Saturday, October 2, 2010

The Lost Weekend (1945)

Director: Billy Wilder
Cast: Ray Milland, Jane Wyman, Howard Da Silva, Frank Faylen
Genre: Drama
Other Nominees: Anchors Aweigh, The Bells of St. Mary's, Mildred Pierce, Spellbound

In the previous year director Billy Wilder directed the classic Double Indemnity, a film that was nominated for seven Oscar categories but failed to win a single one. It has been suggested that the success of The Lost Weekend owes a little something to its director’s snubbing by the Academy a year earlier. However, after viewing it and based on the heavy impact it had on me, I strongly feel that The Lost Weekend is a movie that, even today, stands on its own merits and deserved all the accolades it received.

Alcoholism is the subject matter dealt with in The Lost Weekend, a subject matter that is as important and prevalent today as it was in the 1940’s. The victim in this film is Don Bingham who is brilliantly portrayed by Ray Milland. Don refers to himself as being two people, Don the writer and Don the drunk. In one scene he explains to his girlfriend how these two Dons interact, and of how the writer’s lack of self esteem leaves him vulnerable to the drunk. Whenever he attempts to write, a panic seeps in and the drunk whispers in his ear, telling him that one drink will help. But as Nat, the local bartender explains “One’s too many and a hundred’s not enough!” In this way Don has never finished anything he has started writing and his self loathing keeps him stuck in a dangerous routine. “Don’t wipe it away, Nat. Let me have my vicious little cycle” he tells Nat who attempts to wipe away the condensation mark left behind by his last drink.

But as with all alcoholics no matter how disturbing their suffering is, it is the people who love them who suffer the most. In this movie we see two people suffer through Dons disease. Don has been living with his brother Wick free of charge for years and there is his girlfriend Helen St. James, who tells him “I know you’re trying Don. We’re both trying. You’re trying not to drink and I’m trying not to love you.” Both are just as much a victim as Don is. But while Helen, played by Jane Wyman, appears to be endlessly compassionate and forgiving, Wick Bingham has had enough of his brother and is seemingly beyond the point of being compassionate. When faced with the possibility that Don may harm himself over the upcoming weekend he lashes out and says:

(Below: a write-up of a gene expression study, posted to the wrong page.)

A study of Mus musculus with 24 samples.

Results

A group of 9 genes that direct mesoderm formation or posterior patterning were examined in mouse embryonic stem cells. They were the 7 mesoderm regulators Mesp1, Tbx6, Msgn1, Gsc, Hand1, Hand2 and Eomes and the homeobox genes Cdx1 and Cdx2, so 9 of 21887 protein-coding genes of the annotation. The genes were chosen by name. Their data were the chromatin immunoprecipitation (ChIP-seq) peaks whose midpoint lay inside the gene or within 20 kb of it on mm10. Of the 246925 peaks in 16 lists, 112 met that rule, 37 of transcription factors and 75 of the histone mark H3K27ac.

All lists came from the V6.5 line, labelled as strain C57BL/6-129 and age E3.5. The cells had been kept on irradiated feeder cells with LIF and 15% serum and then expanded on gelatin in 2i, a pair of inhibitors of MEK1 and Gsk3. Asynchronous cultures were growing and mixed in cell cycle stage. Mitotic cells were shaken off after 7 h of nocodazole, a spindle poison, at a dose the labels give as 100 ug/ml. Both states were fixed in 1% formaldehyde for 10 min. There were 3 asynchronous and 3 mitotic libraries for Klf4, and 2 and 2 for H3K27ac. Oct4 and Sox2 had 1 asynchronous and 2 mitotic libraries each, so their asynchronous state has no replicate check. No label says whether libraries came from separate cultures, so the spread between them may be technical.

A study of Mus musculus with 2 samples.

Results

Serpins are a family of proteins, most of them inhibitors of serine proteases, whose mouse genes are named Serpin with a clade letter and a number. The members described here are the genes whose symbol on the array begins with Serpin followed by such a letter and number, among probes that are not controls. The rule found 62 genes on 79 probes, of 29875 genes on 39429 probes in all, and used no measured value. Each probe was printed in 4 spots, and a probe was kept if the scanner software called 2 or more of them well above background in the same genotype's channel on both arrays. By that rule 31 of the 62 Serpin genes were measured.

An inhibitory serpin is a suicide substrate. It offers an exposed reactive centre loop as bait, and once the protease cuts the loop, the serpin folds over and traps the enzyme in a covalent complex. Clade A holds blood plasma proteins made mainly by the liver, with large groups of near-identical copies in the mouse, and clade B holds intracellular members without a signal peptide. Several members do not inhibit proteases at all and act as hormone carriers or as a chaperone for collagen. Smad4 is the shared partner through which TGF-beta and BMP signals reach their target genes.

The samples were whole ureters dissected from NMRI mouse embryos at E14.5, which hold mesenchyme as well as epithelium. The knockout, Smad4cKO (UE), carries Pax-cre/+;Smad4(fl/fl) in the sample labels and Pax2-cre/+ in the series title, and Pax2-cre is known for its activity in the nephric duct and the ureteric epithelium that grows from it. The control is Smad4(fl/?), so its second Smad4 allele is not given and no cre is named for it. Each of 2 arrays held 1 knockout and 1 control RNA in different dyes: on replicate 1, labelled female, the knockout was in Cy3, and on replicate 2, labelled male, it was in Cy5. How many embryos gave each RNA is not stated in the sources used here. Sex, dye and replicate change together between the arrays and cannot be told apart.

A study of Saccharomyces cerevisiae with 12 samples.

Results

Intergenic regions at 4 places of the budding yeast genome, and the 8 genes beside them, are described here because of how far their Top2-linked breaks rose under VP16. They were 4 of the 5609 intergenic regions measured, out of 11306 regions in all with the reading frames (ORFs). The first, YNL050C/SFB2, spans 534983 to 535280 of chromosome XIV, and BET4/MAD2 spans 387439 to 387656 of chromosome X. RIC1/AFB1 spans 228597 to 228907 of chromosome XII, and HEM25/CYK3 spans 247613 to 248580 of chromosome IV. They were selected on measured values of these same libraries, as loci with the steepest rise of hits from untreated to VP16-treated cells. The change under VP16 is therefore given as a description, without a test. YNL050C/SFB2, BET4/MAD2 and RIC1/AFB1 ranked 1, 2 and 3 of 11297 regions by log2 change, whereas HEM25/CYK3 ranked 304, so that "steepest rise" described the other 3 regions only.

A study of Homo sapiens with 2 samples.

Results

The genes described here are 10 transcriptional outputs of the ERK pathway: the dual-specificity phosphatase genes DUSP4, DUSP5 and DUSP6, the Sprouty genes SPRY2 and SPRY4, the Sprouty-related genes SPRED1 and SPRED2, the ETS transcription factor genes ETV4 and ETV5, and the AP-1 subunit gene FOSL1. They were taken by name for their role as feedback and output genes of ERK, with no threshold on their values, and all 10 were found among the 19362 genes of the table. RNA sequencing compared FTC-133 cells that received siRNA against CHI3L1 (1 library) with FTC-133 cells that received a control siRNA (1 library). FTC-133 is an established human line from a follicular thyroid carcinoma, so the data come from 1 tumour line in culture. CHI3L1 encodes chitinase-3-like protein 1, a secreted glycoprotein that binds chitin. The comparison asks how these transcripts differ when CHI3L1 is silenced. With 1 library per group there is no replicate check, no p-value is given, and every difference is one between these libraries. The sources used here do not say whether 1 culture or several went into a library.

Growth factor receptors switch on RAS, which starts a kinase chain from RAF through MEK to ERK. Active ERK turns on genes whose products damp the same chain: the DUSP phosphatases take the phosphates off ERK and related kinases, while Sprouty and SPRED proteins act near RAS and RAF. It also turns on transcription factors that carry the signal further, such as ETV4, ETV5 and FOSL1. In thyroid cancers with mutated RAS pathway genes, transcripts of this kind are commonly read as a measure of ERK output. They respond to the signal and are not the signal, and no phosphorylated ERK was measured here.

If it happens, it happens and I hope it does. I've had six years of this. I've had my bellyful ... How often have you cried? How often have I beaten him up? Scrape him out of a gutter and pump some kind of self-respect into him and back he falls, back in every time.
The score to this film sounds as if it’s straight out of a classic sci-fi film. It is unrelenting and while it may turn some viewers off I thought it did a great job at helping to depict alcohol as a very real onscreen monster. In sci-fi/horror films the appearance of a villain is marked by a dramatic change in music, so too here is a glass or bottle of rye whiskey identified. In The Lost Weekend you are acutely aware when the villain appears to torment and destroy Don, as acutely as if an inhuman creature had just shambled onscreen and started towards him. The music confirms for us that for Don Bingham alcohol is a brutal enemy, a nemesis capable of destroying him completely.

As the weekend in question progresses and Don’s condition deteriorates some truly horrific scenes occur. After awaking to find him in an alcoholic’s ward of a hospital Don is warned of the effects of delirium tremens, or the DTs, a condition which the nurse predicts is imminent for Don given his blood alcohol levels. Don proceeds to escape the ward and return home where horrific hallucinations begin and culminate in the gruesome image of a bat biting the head off a mouse. This scene sees Don at his lowest point in the weekend, when his very sanity is threatened by his drinking.

My only argument against the greatness of this film comes with the ending. Until the final scene this film had been utterly uncompromising and as such had a profound effect on me. The notion of Don committing suicide had been foreshadowed throughout the film and, as disturbing as it is for me to say this, perhaps this film would have better sent the message it intended to send had it had a more negative ending. I will leave it for you to judge the final scene but for me, after being beaten mercilessly until then, I felt like the film pulled a punch.

Up Next: The Best Years of our Lives. 


  1. I love it when I randomly land on a blog and find that the blogger is talking about Wilder. What could be better than that?

  2. There is always a girl like that in the life of a pretty pointless aimless alcoholic buoyed by a woman or a family member, in this case, a brother who pays the bills and try to sober him periodically dry.